Most Common Police Questions at DWI Stops


If you are ever pulled over for Driving While Intoxicated (DWI), the police officer already suspects you are breaking the law. However, you are not required to say things that incriminate yourself during a DWI stop.

Below, we’ve listed some of the most common questions officers ask at DWI stops and your rights in the situation.


Do you know why I pulled you over?

You can’t be certain why an officer pulled you over. If you tell the officer you suspect you were pulled over because of your intoxication, this admission can be used against you later in court. You are never required to incriminate yourself during a DWI stop.

Do you know how fast you were going?

Speeding, swerving, broken lights, and extra slow driving can all raise an officer’s suspicion that you’ve been driving under the influence. The law does not require you to tell the officer how fast you suspect you were driving.

Can I have your license, registration, and proof of insurance?

Under North Carolina law, it’s mandatory for you to provide these documents to an officer upon request. The more you fumble and struggle to offer up the documents, the more you will appear suspicious to the officer. Your license, registration, and proof of insurance should always be placed in an accessible spot in your vehicle. Remember, outdated documents can create grounds for more charges.

What is your name? Address? Social security number?

You may become more suspicious of the officer if you aren’t able to recite certain personal information upon request.

Have you been drinking?

North Carolina law does not require you to incriminate yourself by answering this question. You have the right to remain silent and tell the officer you won’t be answering that question. Officers don’t have to read you your right to be silent during this part of the DWI stop, so you may have to assert that right yourself.

Where are you coming from?

Your answer to this question may lead the officer to assume you have been drinking. Again, you can assert your right to remain silent.

Can I search your vehicle?

At this point, the officer has most likely already done a quick search around your vehicle with a flashlight. Regardless, you don’t have to agree to a search without a warrant.

Would you mind stepping out of the car for some roadside testing?

Many people don’t realize that roadside sobriety tests, or Standardized Field Sobriety Tests (SFSTs), are voluntary. Even if an officer does not tell you this, North Carolina law does not require you to incriminate yourself in this way. Your driver’s license will not be automatically suspended if you refuse to take a roadside test or preliminary breath test.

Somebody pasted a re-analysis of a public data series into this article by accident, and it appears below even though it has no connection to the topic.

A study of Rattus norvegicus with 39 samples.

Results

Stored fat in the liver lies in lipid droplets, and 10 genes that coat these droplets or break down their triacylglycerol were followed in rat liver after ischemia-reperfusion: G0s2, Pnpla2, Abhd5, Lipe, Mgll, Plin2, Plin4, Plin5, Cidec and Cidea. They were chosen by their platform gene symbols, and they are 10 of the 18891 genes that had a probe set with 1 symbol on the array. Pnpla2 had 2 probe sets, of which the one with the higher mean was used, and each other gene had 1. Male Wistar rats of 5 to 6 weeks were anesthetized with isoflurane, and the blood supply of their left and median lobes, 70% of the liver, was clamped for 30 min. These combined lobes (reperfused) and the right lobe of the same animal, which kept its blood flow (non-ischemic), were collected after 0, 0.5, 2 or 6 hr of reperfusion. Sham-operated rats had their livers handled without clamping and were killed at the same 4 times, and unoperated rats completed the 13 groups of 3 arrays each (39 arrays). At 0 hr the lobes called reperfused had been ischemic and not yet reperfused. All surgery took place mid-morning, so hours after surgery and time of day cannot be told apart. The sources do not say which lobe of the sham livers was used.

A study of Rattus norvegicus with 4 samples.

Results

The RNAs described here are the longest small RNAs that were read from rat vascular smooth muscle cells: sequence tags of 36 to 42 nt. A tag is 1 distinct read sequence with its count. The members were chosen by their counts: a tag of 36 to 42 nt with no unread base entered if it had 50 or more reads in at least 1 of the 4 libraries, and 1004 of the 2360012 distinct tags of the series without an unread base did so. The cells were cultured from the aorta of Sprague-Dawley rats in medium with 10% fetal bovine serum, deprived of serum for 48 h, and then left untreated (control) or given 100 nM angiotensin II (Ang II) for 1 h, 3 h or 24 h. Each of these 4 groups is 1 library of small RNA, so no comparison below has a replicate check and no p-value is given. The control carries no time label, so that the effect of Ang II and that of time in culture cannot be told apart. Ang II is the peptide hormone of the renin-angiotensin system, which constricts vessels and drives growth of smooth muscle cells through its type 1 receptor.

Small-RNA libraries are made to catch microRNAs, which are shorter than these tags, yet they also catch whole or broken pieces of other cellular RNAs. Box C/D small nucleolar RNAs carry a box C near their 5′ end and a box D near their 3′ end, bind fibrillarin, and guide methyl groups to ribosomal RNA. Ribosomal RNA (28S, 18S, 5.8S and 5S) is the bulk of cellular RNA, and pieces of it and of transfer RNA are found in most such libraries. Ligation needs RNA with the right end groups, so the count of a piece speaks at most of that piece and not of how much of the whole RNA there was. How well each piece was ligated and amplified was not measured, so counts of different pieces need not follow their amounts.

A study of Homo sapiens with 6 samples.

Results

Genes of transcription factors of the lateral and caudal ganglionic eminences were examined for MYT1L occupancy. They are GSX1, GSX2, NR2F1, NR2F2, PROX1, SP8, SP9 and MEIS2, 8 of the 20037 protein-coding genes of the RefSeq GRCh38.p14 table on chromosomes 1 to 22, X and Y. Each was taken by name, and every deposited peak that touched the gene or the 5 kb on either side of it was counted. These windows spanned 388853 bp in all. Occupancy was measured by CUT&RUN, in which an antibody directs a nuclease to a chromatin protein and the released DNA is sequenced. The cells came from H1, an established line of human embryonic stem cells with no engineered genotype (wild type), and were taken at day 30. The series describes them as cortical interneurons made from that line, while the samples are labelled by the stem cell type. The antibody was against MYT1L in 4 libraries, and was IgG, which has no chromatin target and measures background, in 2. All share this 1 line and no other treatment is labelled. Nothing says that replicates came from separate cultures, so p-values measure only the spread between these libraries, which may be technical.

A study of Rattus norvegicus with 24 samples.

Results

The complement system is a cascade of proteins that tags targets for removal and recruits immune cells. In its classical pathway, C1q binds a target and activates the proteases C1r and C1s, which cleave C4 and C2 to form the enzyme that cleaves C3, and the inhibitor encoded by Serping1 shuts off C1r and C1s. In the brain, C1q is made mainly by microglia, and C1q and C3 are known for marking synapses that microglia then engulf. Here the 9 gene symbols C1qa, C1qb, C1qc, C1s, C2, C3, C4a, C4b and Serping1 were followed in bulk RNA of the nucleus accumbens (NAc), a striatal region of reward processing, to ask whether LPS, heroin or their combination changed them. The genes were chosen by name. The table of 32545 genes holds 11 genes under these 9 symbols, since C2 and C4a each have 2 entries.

You are being charged with a DWI. Would you like to take a blood test or breath test? Failure to do so will result in immediate suspension of your driver’s license.

At this point, the officer believes they have established probable cause (Note: Whether there is actually probable cause will be officially determined later on by the court and the DMV). Under North Carolina’s “implied consent law,” if you don’t comply with these chemical test requests, your driver’s license will be revoked for one year and you will have to put an interlock device in your car.

However, you do have the right to choose which test option you would like to use. While breath test results come in quicker and can shorten the amount of time you have to get a good lawyer and request a hearing, the more intrusive blood tests may take months to come in and can give you more time. If your test shows a Blood Alcohol Content (BAC) of 0.08 or higher, your license will be suspended for a minimum of 30 days. For drivers who operate commercial vehicles or are under 21, a BAC of 0.04 and 0.01, respectively, will result in license suspension.

Note: If you’ve been stopped and charged for DWI, you will not have the right for an attorney before you give the required chemical tests.

Ultimately, the best way to ensure you’re not charged with DWI is to be a responsible driver and avoid drinking and driving altogether. If you have more questions about DWI or need some help with a DWI charge, reach out to the team at Mulligan Attorneys. We can help you through the process by explaining your options and helping you decide how best to proceed. Click here to get in touch with us, or give us a call at 910-763-1100 to schedule a free consultation.

Did you know two-thirds of U.S. citizens will be involved in a drunk driving accident in their lifetime? Learn more.